By John May
When I first started writing a novel a few years back, I attended the Pacific Northwest Writers Conference in Seattle, Washington. The session I remember the most (thanks partially to good notes but mostly to content) was a Panel Discussion involving seven prominent agents and editors who dealt with all types of adult fiction. Someone asked the panel, “What’s THE number one thing that would entice you to represent or publish a fiction novel.” I was surprised when they all agreed they wanted the same thing, no exceptions:
Page-turners-—novels that compel the reader to read.
Naturally, the next question was, “What makes a novel a page-turner?” Here, it got even more surprising. I was certain there would be lots of different answers and that the answers would tend to vary based on category. After all, what works for science fiction can’t possibly work for a literary novel and vice-versa, right? Wrong. After much vigorous brainstorming, the panel came up with one consensus answer they felt applied across all adult fiction types:
In the typical page-turner, the reader experiences a story presented in a competent, suspenseful, and entertaining manner about interesting, strong characters who have important, clear goals and who must overcome significant resistance to their vigorous efforts to achieve those goals.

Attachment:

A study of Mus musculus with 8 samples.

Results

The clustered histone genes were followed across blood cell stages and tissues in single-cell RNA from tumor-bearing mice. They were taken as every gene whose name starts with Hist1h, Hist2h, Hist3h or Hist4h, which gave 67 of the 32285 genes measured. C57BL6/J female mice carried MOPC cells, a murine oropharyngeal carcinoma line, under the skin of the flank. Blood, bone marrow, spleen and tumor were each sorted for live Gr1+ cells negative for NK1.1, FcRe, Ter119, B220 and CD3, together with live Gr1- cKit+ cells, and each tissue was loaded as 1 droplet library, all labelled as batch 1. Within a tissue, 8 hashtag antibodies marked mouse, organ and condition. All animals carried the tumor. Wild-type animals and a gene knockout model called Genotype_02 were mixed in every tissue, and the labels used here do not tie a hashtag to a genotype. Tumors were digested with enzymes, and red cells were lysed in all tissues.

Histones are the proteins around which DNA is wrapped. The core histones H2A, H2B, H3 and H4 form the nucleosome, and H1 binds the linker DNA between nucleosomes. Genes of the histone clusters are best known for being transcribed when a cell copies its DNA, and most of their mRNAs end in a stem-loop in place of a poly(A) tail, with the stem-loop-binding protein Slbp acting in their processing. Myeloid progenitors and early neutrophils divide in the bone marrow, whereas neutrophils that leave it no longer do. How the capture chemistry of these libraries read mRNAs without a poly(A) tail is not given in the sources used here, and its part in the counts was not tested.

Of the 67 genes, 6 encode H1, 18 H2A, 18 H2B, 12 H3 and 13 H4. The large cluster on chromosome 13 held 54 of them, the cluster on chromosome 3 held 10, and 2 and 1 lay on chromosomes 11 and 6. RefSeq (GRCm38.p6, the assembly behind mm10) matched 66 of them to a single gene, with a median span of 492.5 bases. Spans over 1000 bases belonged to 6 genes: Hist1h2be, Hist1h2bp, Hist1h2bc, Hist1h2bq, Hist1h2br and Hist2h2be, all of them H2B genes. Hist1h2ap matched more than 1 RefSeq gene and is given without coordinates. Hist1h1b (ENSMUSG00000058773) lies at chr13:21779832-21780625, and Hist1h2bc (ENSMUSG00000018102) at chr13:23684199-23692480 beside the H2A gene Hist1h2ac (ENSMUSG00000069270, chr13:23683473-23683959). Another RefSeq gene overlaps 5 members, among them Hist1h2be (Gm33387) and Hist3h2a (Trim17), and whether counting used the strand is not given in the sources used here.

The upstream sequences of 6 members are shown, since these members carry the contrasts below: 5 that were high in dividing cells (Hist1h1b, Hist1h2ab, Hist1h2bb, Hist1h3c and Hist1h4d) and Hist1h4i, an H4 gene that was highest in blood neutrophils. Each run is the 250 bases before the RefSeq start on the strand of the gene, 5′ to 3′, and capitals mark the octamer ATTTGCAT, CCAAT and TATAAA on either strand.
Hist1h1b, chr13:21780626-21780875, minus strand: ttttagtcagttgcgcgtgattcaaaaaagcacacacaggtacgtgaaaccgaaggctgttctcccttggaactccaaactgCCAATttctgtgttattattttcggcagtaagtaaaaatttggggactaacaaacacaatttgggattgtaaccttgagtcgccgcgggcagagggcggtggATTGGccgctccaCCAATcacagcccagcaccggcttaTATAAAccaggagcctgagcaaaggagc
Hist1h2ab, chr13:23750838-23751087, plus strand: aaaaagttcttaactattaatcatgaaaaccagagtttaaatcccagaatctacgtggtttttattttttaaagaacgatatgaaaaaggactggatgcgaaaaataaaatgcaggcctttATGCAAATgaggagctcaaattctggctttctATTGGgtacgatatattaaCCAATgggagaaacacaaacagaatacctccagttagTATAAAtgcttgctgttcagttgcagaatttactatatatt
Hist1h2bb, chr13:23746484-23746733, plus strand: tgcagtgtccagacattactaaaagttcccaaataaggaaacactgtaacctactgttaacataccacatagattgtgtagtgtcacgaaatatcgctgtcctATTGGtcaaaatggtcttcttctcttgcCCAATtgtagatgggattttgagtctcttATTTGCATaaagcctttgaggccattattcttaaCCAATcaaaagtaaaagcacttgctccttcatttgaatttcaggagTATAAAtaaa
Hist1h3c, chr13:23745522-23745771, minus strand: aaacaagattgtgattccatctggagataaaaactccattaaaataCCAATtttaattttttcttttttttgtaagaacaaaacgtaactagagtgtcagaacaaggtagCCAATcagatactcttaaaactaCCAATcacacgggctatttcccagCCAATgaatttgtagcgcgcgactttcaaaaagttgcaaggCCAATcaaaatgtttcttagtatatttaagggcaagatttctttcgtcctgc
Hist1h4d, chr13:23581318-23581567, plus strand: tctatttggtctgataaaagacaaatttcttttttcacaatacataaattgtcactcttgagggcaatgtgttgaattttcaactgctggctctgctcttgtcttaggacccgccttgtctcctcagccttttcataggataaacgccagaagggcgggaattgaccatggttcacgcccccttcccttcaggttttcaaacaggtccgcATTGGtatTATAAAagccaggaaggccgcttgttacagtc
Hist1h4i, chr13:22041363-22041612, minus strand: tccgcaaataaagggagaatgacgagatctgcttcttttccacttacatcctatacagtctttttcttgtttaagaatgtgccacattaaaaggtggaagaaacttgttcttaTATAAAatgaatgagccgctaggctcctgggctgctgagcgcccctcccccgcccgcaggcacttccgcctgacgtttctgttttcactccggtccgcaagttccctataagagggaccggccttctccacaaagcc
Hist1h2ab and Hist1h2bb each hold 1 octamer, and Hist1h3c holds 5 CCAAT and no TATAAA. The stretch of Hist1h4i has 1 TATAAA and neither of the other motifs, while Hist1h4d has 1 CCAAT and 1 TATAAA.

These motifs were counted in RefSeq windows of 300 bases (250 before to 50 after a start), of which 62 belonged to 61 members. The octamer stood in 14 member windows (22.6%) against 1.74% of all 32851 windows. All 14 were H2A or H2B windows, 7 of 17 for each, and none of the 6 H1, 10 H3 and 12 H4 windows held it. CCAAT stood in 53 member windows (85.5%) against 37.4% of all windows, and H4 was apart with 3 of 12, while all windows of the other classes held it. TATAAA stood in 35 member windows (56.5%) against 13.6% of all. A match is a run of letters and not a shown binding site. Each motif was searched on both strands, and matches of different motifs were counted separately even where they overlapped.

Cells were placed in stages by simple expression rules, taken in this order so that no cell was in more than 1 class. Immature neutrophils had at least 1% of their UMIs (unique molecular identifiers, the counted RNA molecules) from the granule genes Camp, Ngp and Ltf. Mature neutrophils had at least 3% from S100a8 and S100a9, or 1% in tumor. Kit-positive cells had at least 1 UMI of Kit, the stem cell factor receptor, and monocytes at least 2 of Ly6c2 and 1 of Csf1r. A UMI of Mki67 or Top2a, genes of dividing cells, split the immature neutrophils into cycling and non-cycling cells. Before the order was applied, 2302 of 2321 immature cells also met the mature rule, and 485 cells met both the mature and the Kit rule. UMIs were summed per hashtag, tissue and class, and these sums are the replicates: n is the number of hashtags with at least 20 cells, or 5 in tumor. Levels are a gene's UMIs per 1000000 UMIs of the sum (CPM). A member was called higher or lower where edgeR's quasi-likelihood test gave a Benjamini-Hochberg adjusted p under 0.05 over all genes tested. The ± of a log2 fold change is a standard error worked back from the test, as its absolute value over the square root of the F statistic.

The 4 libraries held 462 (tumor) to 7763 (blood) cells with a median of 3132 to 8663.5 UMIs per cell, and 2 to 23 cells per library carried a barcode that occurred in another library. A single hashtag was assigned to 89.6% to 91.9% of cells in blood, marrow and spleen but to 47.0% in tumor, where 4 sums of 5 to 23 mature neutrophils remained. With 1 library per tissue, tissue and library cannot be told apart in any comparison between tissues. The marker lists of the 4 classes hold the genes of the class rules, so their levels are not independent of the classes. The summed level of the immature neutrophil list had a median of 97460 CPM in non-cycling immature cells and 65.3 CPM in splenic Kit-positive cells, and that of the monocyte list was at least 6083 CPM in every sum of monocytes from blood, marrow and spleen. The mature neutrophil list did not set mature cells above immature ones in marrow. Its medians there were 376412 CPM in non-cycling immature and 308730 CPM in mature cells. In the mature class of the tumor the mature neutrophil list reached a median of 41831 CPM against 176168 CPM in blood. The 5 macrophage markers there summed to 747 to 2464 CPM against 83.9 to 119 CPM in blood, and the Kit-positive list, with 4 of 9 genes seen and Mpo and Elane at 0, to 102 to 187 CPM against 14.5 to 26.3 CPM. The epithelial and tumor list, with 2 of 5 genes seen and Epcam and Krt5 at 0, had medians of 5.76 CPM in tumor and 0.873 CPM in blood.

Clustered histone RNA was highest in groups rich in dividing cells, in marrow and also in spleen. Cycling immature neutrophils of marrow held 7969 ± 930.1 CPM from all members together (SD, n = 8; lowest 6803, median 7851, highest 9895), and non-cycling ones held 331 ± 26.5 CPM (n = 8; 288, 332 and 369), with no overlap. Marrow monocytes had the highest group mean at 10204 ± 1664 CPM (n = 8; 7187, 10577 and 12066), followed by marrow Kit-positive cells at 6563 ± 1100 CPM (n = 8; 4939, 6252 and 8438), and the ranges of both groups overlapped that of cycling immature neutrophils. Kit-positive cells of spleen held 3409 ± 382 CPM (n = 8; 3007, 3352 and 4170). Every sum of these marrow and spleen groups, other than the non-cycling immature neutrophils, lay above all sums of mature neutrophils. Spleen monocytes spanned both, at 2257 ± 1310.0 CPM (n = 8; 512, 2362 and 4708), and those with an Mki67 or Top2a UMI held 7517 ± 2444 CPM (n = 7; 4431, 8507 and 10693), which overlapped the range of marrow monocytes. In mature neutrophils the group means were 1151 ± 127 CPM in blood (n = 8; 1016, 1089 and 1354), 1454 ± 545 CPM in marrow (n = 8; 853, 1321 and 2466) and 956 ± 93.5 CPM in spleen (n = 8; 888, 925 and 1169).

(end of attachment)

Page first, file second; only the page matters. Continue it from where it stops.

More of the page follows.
As part of the process, each of the individual attributes (experiences, story, competent, etc.) in the definition was discussed and defined precisely by the panel. The exact words and definitions are important— alternatives for each word were considered and discarded. For example, the reader is not “told a story,” she “experiences a story presented,” which is a very different animal.
In addition to exact wording, the panel felt strongly that all the many listed attributes should be present, not just a majority. They felt that if even one were missing, the likelihood the book would be a page-turner went down dramatically. And, with each additional missed attribute, come further dramatic drops in page-turner potential.
The above page-turner description was accepted unanimously by the panel but not by the audience. Some of the aspiring literary novelists felt it was “write-by-numbers” and that no one had the right to tell them how to achieve their artistic vision. The panel’s response to this went something like, “You’re correct. No one can tell you how to write. You only have to write this way if you want us to spend the time and money it takes to get you published.” The panel did admit there have been exceptions, but held they were few and far between. The odds of publication success (getting published and selling well) are enormously tilted in favor of the type of page-turner described.
Many of the attribute definitions and their subtle nuances are not self-evident. I’m thinking the next few times I’m up to bat in Blog Town, I’ll go over the definition in detail, discuss what each of the attributes meant to the panel and go over the nuances we discussed. I think there are some surprises here.